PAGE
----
Belfast Telegraph

Saturday 2 August 2014

Children to get diarrhoea bug vaccination

Children are to be offered a vaccine aimed at protecting them from a bug that causes thousands of cases of diarrhoea in under-fives every year
Children are to be offered a vaccine aimed at protecting them from a bug that causes thousands of cases of diarrhoea in under-fives every year

Children are to be offered a vaccine aimed at protecting them from a bug that causes thousands of cases of diarrhoea in under-fives every year.

Health Minister Edwin Poots has announced the introduction of a new childhood vaccination programme to protect children against rotavirus — the top cause of gastroenteritis in children.

Health officials have urged parents to ensure their children receive the vaccination as it offers protections against the bug. One in five children who catch rotavirus requires medical attention and one in 10 ends up in hospital. Very young children have the highest risk of severe complications which can result in severe dehydration and death in a very small number of cases.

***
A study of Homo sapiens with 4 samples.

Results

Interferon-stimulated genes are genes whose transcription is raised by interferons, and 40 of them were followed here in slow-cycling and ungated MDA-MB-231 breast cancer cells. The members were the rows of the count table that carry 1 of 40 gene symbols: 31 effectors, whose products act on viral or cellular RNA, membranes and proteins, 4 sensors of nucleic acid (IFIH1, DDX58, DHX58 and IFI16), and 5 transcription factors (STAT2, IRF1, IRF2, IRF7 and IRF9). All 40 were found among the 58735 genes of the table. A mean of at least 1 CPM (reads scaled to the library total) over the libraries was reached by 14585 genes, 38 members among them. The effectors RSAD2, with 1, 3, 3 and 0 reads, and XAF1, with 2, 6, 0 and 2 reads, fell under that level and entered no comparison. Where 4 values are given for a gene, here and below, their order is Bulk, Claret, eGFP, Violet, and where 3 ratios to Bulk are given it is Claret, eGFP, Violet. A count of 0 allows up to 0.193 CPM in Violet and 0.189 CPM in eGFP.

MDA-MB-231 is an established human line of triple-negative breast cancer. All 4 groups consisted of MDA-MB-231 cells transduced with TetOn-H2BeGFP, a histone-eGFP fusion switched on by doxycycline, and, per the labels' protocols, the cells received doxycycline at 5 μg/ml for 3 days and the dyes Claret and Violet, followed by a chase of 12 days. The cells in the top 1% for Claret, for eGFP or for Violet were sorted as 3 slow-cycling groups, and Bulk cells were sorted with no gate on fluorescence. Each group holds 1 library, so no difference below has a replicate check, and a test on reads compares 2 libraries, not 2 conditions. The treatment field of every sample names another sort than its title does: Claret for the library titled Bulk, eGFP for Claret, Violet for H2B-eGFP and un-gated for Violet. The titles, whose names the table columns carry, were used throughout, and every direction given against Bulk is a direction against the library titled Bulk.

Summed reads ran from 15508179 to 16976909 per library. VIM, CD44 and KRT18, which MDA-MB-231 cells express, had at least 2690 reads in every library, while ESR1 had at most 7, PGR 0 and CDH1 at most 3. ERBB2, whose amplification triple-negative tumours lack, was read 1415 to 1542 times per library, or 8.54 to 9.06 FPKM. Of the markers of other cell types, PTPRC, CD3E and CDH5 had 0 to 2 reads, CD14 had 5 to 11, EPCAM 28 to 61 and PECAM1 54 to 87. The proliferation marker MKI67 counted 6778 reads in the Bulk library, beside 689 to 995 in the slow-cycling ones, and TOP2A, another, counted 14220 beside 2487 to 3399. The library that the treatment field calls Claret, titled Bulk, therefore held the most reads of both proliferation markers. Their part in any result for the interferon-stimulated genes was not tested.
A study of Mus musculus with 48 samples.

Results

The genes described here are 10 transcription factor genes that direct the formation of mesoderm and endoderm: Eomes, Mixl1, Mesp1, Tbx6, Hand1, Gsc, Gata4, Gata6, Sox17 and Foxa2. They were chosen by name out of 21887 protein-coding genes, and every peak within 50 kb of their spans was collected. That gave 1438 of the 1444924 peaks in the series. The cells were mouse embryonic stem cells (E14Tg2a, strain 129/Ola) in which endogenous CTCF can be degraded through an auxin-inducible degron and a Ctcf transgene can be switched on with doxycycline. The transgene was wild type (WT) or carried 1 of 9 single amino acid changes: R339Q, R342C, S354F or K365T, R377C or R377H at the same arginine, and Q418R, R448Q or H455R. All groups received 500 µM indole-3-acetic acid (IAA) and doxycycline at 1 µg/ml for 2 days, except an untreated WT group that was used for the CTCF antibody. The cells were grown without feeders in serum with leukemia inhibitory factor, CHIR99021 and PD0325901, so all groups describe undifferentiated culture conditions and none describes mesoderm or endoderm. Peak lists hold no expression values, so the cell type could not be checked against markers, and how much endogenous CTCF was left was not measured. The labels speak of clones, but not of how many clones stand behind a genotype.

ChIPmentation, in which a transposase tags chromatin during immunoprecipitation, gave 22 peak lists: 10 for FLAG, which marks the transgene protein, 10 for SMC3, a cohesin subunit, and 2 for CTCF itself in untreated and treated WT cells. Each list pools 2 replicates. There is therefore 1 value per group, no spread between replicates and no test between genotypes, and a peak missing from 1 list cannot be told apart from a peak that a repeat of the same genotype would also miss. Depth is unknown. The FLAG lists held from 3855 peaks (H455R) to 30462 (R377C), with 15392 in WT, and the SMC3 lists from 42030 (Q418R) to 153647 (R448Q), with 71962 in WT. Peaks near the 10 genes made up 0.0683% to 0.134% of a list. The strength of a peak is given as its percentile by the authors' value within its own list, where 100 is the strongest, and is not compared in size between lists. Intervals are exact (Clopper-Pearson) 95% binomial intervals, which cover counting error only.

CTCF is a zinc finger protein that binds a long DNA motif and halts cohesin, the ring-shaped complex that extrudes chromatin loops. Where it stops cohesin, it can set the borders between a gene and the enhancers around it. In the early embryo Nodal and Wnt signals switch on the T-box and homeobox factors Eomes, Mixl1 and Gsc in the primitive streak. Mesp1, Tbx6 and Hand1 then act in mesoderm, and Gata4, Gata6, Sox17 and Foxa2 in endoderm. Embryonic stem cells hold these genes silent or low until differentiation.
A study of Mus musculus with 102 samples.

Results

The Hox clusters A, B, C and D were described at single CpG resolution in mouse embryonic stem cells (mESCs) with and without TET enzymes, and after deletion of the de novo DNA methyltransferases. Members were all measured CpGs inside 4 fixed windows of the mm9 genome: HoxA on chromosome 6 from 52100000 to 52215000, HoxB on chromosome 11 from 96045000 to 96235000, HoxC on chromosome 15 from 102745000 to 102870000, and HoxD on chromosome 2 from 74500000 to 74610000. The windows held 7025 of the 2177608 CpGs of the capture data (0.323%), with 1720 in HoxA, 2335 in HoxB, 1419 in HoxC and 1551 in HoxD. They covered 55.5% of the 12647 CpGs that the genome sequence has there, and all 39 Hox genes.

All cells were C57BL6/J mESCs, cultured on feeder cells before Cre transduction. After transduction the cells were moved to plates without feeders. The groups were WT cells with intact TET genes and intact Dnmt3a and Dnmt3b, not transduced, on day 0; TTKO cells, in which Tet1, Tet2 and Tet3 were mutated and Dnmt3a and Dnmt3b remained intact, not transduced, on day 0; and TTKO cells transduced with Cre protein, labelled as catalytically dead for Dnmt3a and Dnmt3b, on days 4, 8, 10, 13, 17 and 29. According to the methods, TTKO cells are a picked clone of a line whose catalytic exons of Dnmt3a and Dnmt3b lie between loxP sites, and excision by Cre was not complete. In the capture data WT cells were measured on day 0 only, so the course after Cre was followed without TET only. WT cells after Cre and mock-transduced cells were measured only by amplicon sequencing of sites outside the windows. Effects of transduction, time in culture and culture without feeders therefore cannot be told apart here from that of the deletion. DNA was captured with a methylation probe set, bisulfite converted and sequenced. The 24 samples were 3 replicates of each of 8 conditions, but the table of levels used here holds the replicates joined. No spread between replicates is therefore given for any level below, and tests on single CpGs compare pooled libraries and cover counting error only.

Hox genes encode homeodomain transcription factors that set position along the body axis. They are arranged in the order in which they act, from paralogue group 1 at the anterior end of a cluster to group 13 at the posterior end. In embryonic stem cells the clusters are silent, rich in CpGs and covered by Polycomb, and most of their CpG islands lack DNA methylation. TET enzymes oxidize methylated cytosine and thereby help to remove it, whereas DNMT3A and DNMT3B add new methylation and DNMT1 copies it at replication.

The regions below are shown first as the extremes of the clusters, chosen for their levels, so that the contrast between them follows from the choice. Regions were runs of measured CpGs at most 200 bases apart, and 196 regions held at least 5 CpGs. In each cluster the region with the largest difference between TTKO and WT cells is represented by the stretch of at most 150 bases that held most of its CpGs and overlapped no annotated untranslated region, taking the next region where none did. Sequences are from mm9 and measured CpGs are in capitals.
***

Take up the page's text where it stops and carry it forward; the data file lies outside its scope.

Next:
It is estimated that the vaccine will halve the number of vomiting and diarrhoea cases caused by rotavirus and there could be 70% fewer hospital stays as a result.

Children under four months will receive the vaccination as part of the existing childhood immunisation programme.

Chief Medical Officer Dr Michael McBride said: “Rotavirus is the most common cause of diarrhoea in young children and this vaccine will protect our children and reduce hospital admissions for serious rotavirus infection.

“Many people think of diarrhoea as something that all children get and that you have to put up with, but there is a way to protect children from this.”

The vaccine, Rotarix, is used to routinely vaccinate children in the US and other countries.

The programme will begin in Northern Ireland in July. Children need two doses, given at two and three months of age, and is given as a small amount of liquid into the mouth.

Minister Poots also announced that the current arrangements for protecting people against meningitis C will also be updated from the beginning of June.

A new teenage booster injection given in school will replace the booster currently given at four months old. Evidence shows that the four-month booster is no longer required.

The teenage booster vaccination will be offered during the 2013-14 school year.

FACTFILE

Gastroenteritis is inflammation of the stomach and bowel and the two most common symptoms are diarrhoea and vomiting. It can have a number of possible causes, including a norovirus infection or food poisoning. However, rotavirus is the leading cause in children. A rotavirus is an infection of the stomach and bowel. It is spread when a child who is infected does not wash their hands properly after going to the toilet.